Tesla's Cybertruck feels like an SUV; price, lower driving range upset some

Technology

Tesla's Cybertruck feels like an SUV; price, lower driving range upset some


The Cybertruck, two years behind schedule, enters a hot pickup truck market to compete with the likes of Ford's (F.N) F150 Lightning, Rivian Automotive's (RIVN.O) R1T and General Motors (GM.N) Hummer EV.

Reddit co-founder Alexis Ohanian, who was among the first dozen customers to pick up the vehicle on Thursday, said the Cybertruck drives and feels like Tesla's Model X sport utility vehicle.

"Initial feeling about this vehicle - smooth, drives a lot like my Model X. It is big but not unwieldy," Ohanian said as he live-streamed his first drive of the Cybertruck on social media platform X. He said he'd be the "coolest dad" picking up his kid at school.

Starting at $60,990, the Cybertruck is over 50% more expensive than what CEO Elon Musk had touted in 2019. That may narrow the appeal of the vehicle. Tesla's stock is down over 2% since before the launch.

Among those disappointed is Texas-based financial services executive Christian Cook, who had booked a Cybertruck in 2019 after Musk promised a cheaper pickup that travels farther on a single charge.

"The truck pricing and range is a huge letdown," Cook, who drives a Model 3 and told Reuters he had made certain financial decisions based on his plans to buy a Cybertruck. "My respect for Musk has taken a huge hit. My loyalty to Tesla has taken a huge hit."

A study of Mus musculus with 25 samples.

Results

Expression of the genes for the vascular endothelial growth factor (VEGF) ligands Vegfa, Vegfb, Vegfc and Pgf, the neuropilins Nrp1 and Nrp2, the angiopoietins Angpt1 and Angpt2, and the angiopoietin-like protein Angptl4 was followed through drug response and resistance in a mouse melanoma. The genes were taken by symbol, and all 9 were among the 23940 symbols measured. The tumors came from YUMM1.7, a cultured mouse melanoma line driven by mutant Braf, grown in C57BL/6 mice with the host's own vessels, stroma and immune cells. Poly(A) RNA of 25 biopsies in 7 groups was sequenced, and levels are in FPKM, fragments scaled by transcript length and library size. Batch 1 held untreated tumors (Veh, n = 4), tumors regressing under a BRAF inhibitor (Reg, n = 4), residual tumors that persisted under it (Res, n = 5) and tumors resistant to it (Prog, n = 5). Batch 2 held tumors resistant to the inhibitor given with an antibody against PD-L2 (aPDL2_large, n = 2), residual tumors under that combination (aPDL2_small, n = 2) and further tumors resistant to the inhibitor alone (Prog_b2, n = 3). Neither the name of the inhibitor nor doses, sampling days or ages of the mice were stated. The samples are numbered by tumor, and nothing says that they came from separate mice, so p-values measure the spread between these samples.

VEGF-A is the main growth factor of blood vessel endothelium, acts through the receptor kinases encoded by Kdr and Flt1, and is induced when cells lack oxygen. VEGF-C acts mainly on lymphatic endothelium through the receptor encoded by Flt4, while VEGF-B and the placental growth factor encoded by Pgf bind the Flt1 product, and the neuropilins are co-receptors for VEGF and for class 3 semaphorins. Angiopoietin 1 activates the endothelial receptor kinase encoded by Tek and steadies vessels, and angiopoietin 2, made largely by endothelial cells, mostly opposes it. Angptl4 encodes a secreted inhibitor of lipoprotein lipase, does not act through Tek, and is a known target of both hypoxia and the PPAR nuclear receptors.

CFRA analyst Garrett Nelson said the steep price tag will lead to customers cancelling reservations and expects Tesla to adjust the pricing based on demand going ahead.

The Cybertruck, made of shiny, bullet-proof stainless steel and inspired by a car-turned-submarine from a James Bond movie, is likely to uplift Tesla's brand that has been dented from steep price cuts to boost demand, according to analysts and branding experts.

"The Cybertruck gets a lot of attention. It brings Tesla back top of mind," said Spencer Imel, a partner at consumer insights firm Langston.

"But we don't see it helping Tesla gain ground in terms of becoming a mass market brand and competing with brands like Ford that are serving the everyday car buyer," he said.

Indeed, the electric pickup's price and longer wait time for significant financial payoff left analysts concerned.

Musk's ability to build the Tesla brand has also been questioned this week after a live interview in which he cursed out advertisers who left his X social media platform, formerly known as Twitter, over antisemitic material.

That was creating nervousness among investors and some consumers and could drag on Tesla's appeal, said Allen Adamson, co-founder of brand and marketing consultancy Metaforce.

"Many of Tesla's early adopters who bought into the dream of a sustainable future are being kind of rudely woken up," by some of the "strange things" he has done, turning him from a "rebel" into a "misguided person" for some people, said JP Kuehlwein, an adjunct professor of marketing at Columbia University Business School.

Cybertruck will not do much for Tesla's financials next year, analysts said. Bernstein forecast 250 deliveries this year and 75,000 for next year, saying both "may be ambitious".

Musk has said Tesla was likely to reach a production rate of roughly 250,000 Cybertrucks a year in 2025.

The company has repeatedly warned that it would face significant challenges in ramping the product and becoming free cash flow positive - likely not until mid-2025 - which could negatively impact profitability.

A brand refresh will be critical for Tesla, especially at a time when the company is battling softening electric vehicle demand as well as rising competition.

"Tesla has a product problem - i.e., an older line-up that does not address enough of the market, and has no new mass market offerings until likely late 2025," Bernstein analysts added.